Despite some early red flags, many of us are welcoming the release of Windows 8. Among this operating system's departures from the previous version is some serious cloud integration. Windows 8 is built to work hand-in-hand with SkyDrive and bring users' computing experience into the clouds, whether they want it there or not.

Is Microsoft ready to deliver in the brave new world of cloud computing? Judging by the extensive tools the software giant is deploying to the cloud, the company has put a lot of faith behind this relatively new technology platform. The good news is, end users stand to benefit significantly.

Computing in the Cloud

You've probably already heard a lot about cloud computing. This virtualized platform allows users to run programs and store files without taking up hard drive space. In a cloud-based system, data is stored on third-party servers (usually at strategically located, massive, and highly secure server farms), and end users access programs and files through an Internet connection.

There are tremendous benefits to this system. For one, it's substantially cheaper than a standard hardware setup. Instead of shelling out hundreds of thousands for software that's going to be outdated in no time, users pay a low monthly subscription rate for access to everything. Cloud computing saves on hardware maintenance and provides anywhere access to files, whether on a computer, laptop, smartphone or tablet.

The drawback to the cloud has always been the issue of security. For those who move completely to a cloud-based system, there is potential downtime and the possibility that data can be hacked or stolen. (To learn more about cloud computing's security issues, read The Dark Side of the Cloud.)

Windows 8 Cloud Features

Launched well before the Windows 8 OS, SkyDrive is Microsoft's cloud software and storage platform for casual and business users. The service is free for up to 7 GB of storage space, and SkyDrive can handle file sizes up to 2 GB. This platform also provides Office Web Apps, which allow users to upload, create, edit and share using the latest versions of Word, Excel, PowerPoint and OneNote.

Windows 8 includes some changes that fully integrate SkyDrive. For both desktops and smartphones, Windows 8 bumps up the accessibility factor for the SkyDrive folder, making it just as easy to navigate and use as your hard drive storage locations. In fact, Windows RT - the version of the OS that's designed with an emphasis on touch screen interfaces - automatically uploads pictures and videos to the SkyDrive folder, rather than storing them on your phone or tablet. (Learn more about Windows RT in Windows RT 101.)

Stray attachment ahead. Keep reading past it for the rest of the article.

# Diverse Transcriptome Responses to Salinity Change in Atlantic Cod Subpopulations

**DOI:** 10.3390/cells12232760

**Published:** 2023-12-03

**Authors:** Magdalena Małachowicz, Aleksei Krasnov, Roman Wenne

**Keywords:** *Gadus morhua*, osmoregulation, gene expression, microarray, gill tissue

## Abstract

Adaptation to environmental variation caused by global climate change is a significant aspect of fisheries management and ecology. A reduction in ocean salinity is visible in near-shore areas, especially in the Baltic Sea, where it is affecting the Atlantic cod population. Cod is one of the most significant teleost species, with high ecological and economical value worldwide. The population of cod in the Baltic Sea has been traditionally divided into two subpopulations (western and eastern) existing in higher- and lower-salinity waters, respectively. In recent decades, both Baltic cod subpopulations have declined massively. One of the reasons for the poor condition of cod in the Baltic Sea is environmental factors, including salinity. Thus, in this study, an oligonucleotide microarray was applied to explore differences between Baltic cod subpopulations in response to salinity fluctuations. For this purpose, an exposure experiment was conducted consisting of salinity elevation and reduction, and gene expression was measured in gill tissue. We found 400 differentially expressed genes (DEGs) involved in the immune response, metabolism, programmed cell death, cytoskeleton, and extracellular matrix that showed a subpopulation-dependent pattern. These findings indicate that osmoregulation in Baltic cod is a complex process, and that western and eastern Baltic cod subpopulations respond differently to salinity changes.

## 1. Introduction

SkyDrive and Office 2013

Set to launch next year, the latest version of Microsoft Office offers a true cloud experience. One notable change is the default save location. All previous versions of Office defaulted to the hard drive (usually My Documents), but Windows 8 automatically saves to a user's SkyDrive folder.

The new Office also offers a choice in purchasing and/or licensing the software. Users can still choose to buy the software and associate the single license with the machine of their choice. However, they can also opt for a subscription-based service that lets allows them to install Office on up to five PCs or mobile devices. Office 2013 subscriptions will come with personal SkyDrive accounts that provide users with 20 GB of storage, instead of the standard 7 GB offered with free accounts.

What does this mean for users? Many people are now working from more than one location; they may have an office PC, a home PC, and a mobile device or two for work on the fly. With the new Office model, switching devices is a seamless experience because documents and settings remain intact, no matter how they are accessed.

Windows Cloud Pros and Cons

Allowing a single user to install multiple instances of software is a huge leap forward for Microsoft, a company that's notorious for its miserly licensing and grudging reinstall procedures. With Windows 8, the software colossus seems to be stepping up its game in the customer service realm. But lower costs and heightened accessibility aren't the only advantages to a cloud-based Windows. The ability to sync settings across multiple devices is also a huge plus. With this platform, users will find a familiar interface at their fingertips no matter where they log in to their Microsoft account, including a personalized user photo, screen images, browser favorites, customized spell check dictionaries, and even mouse settings. Users can also use any apps they've installed from the Windows Store on any other device.

The disadvantages to all this cloud access are equivalent to other cloud-based platforms, including security and downtime. While Microsoft is certainly safe and reputable, all digital environments come with inherent risks. There's also the inescapable network downtime, although Microsoft is no slouch here, with an average 99.97 percent uptime.

Storage limits could also be a problem for power users. While 7 GB is a lot of space, pictures and videos can quickly fill that allotment. However, additional storage is fairly cheap, starting at an extra 20 GB for $10 a year.

The New Tech Frontier

With Windows 8, Microsoft trots out its willingness to not only embrace new technology, but also to make it bigger, better and more accessible. The new cloud integration enhances Microsoft's chances at seizing a larger share of the Apple- and Android-dominated mobile device market. However, the real test lies in the release, when users get the chance to play in the clouds and decide for themselves whether Microsoft's integration of the cloud is a dream come true or a fantasy that has yet to be fulfilled.